Martin Collins teaches that called-out saints, we are no longer strangers, but are granted the privilege to be citizens of the kingdom of God. As current ambassadors of God's Kingdom, we have the responsibility to adhere to God's standard. As citizens of G. . .
It would be profoundly contradictory for citizens of heaven to become involved in the politics of governments that our King will overthrow when He returns!
In America, where the political process is hailed as free and democratic, it is considered somehow "un-American" not to vote whenever the polling stations open.
When Jesus Christ began His earthly ministry, He started by preaching the good news of the Kingdom of God (Matthew 4:23; Mark 1:14-15; Luke 4:43). ...
In Christ, our earthly citizenships are essentially inconsequential. Paul writes in Philippians 3:19 about the enemies of Christ who "set their minds on earthly things" or "side with earthly things." One area in which we can evaluate how much our heavenly . . .
Most people do not consider patriotism to be a kind of faith, a religion of sorts, but it has every possibility of being or becoming one, especially to those who have become disaffected with "traditional religion." ...
Do we have what it takes to be ambassadors of Jesus Christ? Understanding how national representatives carry out their duties helps us in our commission.
Mike Ford, reflecting upon the test for which people who want to become naturalized citizens must prepare (a quiz battery of ten questions from a pool of hundred) expresses incredulity that the average teenager, trained in liberal, progressive public schoo. . .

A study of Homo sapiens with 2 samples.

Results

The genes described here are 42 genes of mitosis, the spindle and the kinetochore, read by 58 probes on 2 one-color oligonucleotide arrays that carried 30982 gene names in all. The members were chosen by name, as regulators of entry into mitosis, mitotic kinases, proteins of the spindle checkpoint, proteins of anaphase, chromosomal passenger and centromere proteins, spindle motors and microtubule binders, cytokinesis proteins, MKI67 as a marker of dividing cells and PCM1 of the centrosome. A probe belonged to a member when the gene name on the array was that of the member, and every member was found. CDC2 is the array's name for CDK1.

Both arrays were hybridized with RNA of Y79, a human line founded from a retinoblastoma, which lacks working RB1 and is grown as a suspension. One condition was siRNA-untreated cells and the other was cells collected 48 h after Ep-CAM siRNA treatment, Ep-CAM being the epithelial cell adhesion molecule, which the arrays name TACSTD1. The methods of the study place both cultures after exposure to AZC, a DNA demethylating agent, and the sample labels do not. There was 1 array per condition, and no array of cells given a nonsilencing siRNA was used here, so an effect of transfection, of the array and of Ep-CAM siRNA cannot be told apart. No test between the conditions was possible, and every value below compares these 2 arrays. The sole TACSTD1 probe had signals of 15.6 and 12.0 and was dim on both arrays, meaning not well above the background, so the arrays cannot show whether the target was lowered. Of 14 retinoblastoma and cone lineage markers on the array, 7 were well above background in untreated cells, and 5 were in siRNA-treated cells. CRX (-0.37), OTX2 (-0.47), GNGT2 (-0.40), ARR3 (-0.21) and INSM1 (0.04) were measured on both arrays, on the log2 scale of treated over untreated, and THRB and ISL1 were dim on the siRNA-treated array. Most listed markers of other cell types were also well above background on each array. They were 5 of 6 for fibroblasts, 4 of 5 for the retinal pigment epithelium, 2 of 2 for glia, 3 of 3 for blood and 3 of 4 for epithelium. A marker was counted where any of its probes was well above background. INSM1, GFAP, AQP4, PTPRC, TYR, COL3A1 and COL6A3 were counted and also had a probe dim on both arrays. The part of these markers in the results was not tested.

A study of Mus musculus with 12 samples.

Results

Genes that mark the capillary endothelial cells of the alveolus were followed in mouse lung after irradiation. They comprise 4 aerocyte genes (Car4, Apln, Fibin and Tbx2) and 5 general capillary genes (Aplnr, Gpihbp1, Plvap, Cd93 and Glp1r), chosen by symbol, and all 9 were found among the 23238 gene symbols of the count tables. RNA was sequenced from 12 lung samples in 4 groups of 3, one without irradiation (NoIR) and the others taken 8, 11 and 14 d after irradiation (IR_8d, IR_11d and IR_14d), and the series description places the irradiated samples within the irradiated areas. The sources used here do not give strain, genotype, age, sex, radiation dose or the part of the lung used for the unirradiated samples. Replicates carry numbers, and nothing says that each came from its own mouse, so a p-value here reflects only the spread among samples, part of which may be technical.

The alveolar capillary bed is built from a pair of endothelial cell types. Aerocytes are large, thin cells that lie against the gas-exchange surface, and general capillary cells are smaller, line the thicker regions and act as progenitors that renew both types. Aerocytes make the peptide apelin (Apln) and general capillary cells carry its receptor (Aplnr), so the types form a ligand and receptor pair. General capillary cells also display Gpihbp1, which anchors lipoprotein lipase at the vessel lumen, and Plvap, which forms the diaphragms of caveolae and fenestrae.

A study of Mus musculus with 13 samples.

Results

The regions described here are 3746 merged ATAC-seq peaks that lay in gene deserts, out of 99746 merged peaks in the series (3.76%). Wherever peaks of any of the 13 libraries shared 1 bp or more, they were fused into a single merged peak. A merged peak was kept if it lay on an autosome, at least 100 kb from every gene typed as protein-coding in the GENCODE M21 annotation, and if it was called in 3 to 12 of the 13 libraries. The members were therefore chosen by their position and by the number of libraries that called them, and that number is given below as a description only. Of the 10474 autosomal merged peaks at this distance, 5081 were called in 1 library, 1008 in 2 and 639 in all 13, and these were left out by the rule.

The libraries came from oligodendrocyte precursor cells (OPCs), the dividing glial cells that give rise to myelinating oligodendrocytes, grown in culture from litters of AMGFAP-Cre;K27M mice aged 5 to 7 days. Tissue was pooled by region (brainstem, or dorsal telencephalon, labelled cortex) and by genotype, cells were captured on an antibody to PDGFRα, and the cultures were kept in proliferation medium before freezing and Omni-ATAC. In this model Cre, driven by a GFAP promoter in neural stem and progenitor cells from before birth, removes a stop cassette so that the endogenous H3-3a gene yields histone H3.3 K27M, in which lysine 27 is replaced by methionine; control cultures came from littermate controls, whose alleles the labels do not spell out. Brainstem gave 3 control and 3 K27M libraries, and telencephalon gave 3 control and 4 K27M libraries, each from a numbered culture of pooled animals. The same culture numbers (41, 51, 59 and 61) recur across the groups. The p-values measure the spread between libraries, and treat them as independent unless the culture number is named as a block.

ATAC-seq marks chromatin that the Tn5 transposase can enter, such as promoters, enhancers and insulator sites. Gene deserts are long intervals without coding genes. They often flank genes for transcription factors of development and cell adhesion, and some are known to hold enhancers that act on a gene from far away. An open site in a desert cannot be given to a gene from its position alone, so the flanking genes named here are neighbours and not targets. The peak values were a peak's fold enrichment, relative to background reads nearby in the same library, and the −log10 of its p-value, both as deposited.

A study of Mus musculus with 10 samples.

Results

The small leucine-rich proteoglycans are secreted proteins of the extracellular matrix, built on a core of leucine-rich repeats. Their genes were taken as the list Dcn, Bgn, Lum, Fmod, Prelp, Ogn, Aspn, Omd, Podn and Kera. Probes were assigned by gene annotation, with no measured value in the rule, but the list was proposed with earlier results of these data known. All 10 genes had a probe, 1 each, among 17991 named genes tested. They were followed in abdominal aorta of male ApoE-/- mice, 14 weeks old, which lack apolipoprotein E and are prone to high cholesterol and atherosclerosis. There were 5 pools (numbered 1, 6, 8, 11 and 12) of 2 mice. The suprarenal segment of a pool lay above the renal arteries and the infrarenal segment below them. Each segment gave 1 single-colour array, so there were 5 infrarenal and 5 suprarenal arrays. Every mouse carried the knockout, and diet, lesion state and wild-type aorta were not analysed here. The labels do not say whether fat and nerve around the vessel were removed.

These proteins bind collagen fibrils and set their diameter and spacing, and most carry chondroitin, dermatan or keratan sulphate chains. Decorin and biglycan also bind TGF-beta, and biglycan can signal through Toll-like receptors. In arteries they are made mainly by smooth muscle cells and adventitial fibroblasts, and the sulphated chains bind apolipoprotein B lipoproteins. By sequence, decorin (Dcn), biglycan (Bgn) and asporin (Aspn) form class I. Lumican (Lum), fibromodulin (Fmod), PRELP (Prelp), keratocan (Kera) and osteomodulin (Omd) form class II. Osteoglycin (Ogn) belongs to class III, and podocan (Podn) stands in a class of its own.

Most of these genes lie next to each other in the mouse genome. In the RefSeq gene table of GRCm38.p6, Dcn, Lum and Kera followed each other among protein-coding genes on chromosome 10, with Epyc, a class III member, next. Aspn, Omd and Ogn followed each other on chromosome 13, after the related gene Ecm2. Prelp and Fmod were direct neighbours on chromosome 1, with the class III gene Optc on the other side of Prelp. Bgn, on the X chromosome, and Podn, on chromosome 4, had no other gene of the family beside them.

Christians have been called out of this world's politics, voting included. As ambassadors of Christ, we cannot participate in the politics of another country.
Paul systematically planned his travels to specific cities for specific reasons, choosing Philippi for its strategic location as the only autonomous Roman colony in the region having historical cultural, military and commercial significance. As an autonomo. . .
John Ritenbaugh, reflecting on an article entitled "How Christianity Shaped the West" by conservative writer Dinesh D'Souza, suggests that what the founding fathers believed about Christianity was a dim shadow of reality, focusing on broad genera. . .
John Ritenbaugh reflects on two recent news items in which individuals foolishly initiated altercations with police and lost their lives in the process. As a matter of common sense, it seems the height of idiocy to challenge constituted authority. Solomon . . .
Parents are responsible to instill in their children a deep, abiding sense of responsibility toward God, prepare them for life, and fashion them as responsible citizens in God's government. As parents, we need to analyze and learn the right principles of g. . .
We are sojourners, pilgrims, aliens, and ambassadors, living among, yet separate from, the peoples of this present world. We must be loyal to our spiritual family.
John Ritenbaugh reiterates that the calculated Hebrew calendar reflects God's faithfulness in providing His Spiritual offspring a reliable calendar. To concoct one's own calendar with errant human reason and assumptions equates with the presumptuous way of. . .
Many biblical examples illustrate that when the leader put his faith in God and submitted himself to God's rule, God supernaturally protected His people.
John Ritenbaugh explores the connection between feelings or emotions (specifically controlling temper) and health, suggesting that the scriptures are seemingly light years ahead of scientific inquiry. Also the inextricable connection between ceremonial sac. . .
Solomon makes the subject of deference a major part of Ecclesiastes 8. Christians must always strive to see God behind those in power over us.
Paul established his identity and credentials as a Jew in order to build a foundation from which to provide a logical defense of his 'apostasy'.
When God gives a responsibility, He gives all the tools to carry it out and the freedom to decide how to do it. He wants to see how we do with what He gives.